Realtime Community Signage Source Code | MIT Center for Civic Media

Realtime Community Signage Source Code

One of the underlying themes of a few projects here at the Center for Civic Media is the idea that we can increase awareness and engagement in local communities by bringing already-centralized public information to people when and where they need it. As part of this goal we've created a relatively cheap digital electronic signage platform, primarily to showcase realtime transit and community calendar information. I want to share some of the technical details behind our current solution - scrolling LED signs controlled by a re-purposed router running simple software on top of TomatoUSB.

Our goal was to test our some ideas quickly, so the code is definitely under construction. If you’re interested, read and/or fork our code on GitHub:

Our primary platform for this signage has been scrolling LED signs controlled by a computer. These are robust, visible from afar, widely available, and a known commodity to the general public. Since our community partners’ information is online, we need these signs to be connected to the internet. The already-networked signs we found were expensive proprietary solutions with locked-in software that appeared hard to extend for our prototyping. This led us to install our first test sites with the LED sign being connected to a $300 netbook running a simple Python script (a solution a lot of people use).

Once the prototype signs proved useful we focused some more attention on engineering the cost down - culminating with the decision to connect the LED sign to a hacked up wireless router. These routers are commodity off-the-shelf products, and a robust community has built up around two open-source firmware options you can install on many of them (Tomato and DD-WRT). We opted to use TomatoUSB with the NetGear WNR3500. At $60 this router is a lot cheaper than a netbook! We used optware to get our Python scripts running on it, and now have a much cheaper digital sign control solution. Stitching this all together as a bit of a pain, so we've documented our setup steps copiously.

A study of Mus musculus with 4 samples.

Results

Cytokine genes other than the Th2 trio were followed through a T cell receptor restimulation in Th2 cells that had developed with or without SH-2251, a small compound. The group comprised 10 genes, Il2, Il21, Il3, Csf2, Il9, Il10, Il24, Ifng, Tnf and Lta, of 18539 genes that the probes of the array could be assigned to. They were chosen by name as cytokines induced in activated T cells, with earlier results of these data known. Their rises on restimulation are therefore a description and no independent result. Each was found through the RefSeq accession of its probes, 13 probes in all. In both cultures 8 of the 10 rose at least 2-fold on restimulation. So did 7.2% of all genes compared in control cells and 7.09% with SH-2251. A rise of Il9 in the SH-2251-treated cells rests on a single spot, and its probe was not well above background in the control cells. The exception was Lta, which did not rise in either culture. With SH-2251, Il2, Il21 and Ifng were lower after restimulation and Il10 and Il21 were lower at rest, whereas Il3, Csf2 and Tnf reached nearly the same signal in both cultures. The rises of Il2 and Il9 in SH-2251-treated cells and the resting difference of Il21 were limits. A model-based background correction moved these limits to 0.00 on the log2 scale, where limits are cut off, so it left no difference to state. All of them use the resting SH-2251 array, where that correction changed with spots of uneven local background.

The last piece of the puzzle is the standard client-server design. Each sign is a dumb terminal, simply asking the central server what content to show. The server has a simple web administration interface that lets us assign transit or calendar information to various displays. Further reducing the complexity, and to match our community partners’ solution, we decided to import calendar feeds from other sites (Google Calendar is the main one so far). There are some data interchange standards for this type of transit and calendar data, and we’ve taken advantage of that where it was low-enough friction to do so. Centralized community calendaring is a hard problem, so we’re lucky to have partners that already have that in place.

We’re currently testing the impact of these signs in a variety of locations, so we’re not looking to expand just yet. However the code includes a bill-of-materials if you want to build your own network of signs. Let us know what solutions you’ve come up with for similar problems, or if you have ideas about how to improve our current platform!